Seven out of ten people do not respect the speed limits in areas with vulnerable groups


The speed limits are not arbitrarily imposed.They are there for a good reason. If a particular road has a reduced speed limit it is probably due to, among other factors, the special conditions of the road in question, a lack of visibility, or the high number of vulnerable groups in the area such as children and elderly persons. With the goal of evaluating the speed at which vehicles drive in areas close to parks, educational establishments or residences, Fundación MAPFRE has analysed the speed of more than 3000 vehicles in 10 Spanish cities.

The data shows that 64.95% of drivers exceed the maximum speed limits in these types of roads limited to 20, 30, 40 and 50 km/h . A total of 3090 vehicles have been analyzed and 2007 of them exceeded the speed limits displayed. Only 1083 were traveling at the correct speed.

The lower the maximumm speed the more the limit is exceeded

The ‘Speed and vulnerable groups’ report, carried out by Fundación MAPFRE, reveals that in roads limited to 20 km/h the average speed of vehicles is 35.7 km/h. 97% of the vehicles exceeded the 20 km/h speed limit established, that is to say, 532 vehicles.

On roads with speed limits of 30 km/h the average speed is 37.9 km/h. Here, a total of 243 vehicles do not comply with the maximum speed limit established - some 82%.

The excess speed is lower on roads limited to 40 km/h, where the average speed is 43.3 km/h. In this case, 556 vehicles did not obey the speed limit (34%).

On roads with a speed limit of 50 km/h the average speed is in fact lower, at 42.2 km/h. In this instance, 24% have broken the speed limit established (269 vehicles).

10 km/h above the speed limit can mean the difference between life and death

Where the city itself is concerned, the speed is not exceeded excessively. Nevertheless, if we take into account that the potential victims could be pedestrians, especially children or elderly persons, a few kilometers per hour more can make all the difference.

In this sense, we would highlight that 17% of drivers go above the speed limit by 1 to 5 km/h, while 16% exceed it by 6 to 10 km/h and 15% exceed the speed limit by 11 to 15 km/h. It is notable that no less than 80 vehicles, 2.59% of those analyzed, travel at twice the permitted speed.

As indicated by Jesús Monclús, director of the Accident Prevention and Road Safety Area of Fundación MAPFRE, during the presentation of the report, ‘a crash at more than 30 km/h raises the probability of serious injury or death’. At a speed of 30 km/h the risk of dying for a pedestrian who is knocked down is 10%.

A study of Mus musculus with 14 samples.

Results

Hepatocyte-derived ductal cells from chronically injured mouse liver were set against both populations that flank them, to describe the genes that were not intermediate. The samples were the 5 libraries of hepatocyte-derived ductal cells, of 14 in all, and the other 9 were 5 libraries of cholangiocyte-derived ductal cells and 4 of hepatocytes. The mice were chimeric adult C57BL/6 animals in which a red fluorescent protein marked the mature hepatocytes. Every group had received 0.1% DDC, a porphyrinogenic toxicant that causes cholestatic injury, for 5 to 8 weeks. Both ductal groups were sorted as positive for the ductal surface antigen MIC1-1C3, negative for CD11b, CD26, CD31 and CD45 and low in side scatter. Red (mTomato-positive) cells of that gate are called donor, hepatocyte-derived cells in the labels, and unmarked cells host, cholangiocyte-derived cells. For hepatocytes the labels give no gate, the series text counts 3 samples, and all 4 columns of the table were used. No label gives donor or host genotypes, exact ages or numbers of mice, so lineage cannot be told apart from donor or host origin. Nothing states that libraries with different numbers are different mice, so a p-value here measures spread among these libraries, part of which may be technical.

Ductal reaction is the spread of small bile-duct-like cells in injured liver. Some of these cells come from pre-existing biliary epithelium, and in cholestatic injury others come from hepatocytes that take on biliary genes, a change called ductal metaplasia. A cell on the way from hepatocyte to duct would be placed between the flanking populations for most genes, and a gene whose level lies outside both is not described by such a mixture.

The report specifically analyzes the speed at which vehicles travel within the proximity of schools, parks and residential areas and the conclusions show that 74% of vehicles exceed the speed within the immediate vicinity of educational establishments (only 26% respect the speed limits).

67% of vehicles also exceed the speed permitted in parks. Nevertheless, the percentage of drivers who do not obey the speed limits near residential areas is lower. In this case only 43% of vehicles exceed the permitted speeds.

We should take into account that these are areas of particular risk. If a vehicle is traveling too fast the driver has hardly any time to react and stop the vehicle. A child may suddenly run between two cars chasing a ball. It is at this point that the speed at which the vehicle is traveling is crucial in order to avoid an accident. It should be noted that at a speed of 50 km/h the driver needs to travel 36 metres to stop the vehicle. If the car is traveling at 40 km/, the driver needs approximately 20 metres.

Lastly, the report covers the excess speed in the 10 cities analyzed. Ávila is the city that registered the highest number of excess speeds. In fact, 100% of the vehicles stopped in the city were traveling at speeds beyond the established limits. Following them was Zaragoza (91.7% of vehicles exceeded the maximum speed limits), Madrid (89.7%), Santiago (85.5% exceeded the speed limits), Barcelona (83%), Valencia (74.3%), Córdoba (59.8%), Seville (42.3%), Las Palmas (17%) and Tenerife (16.4%).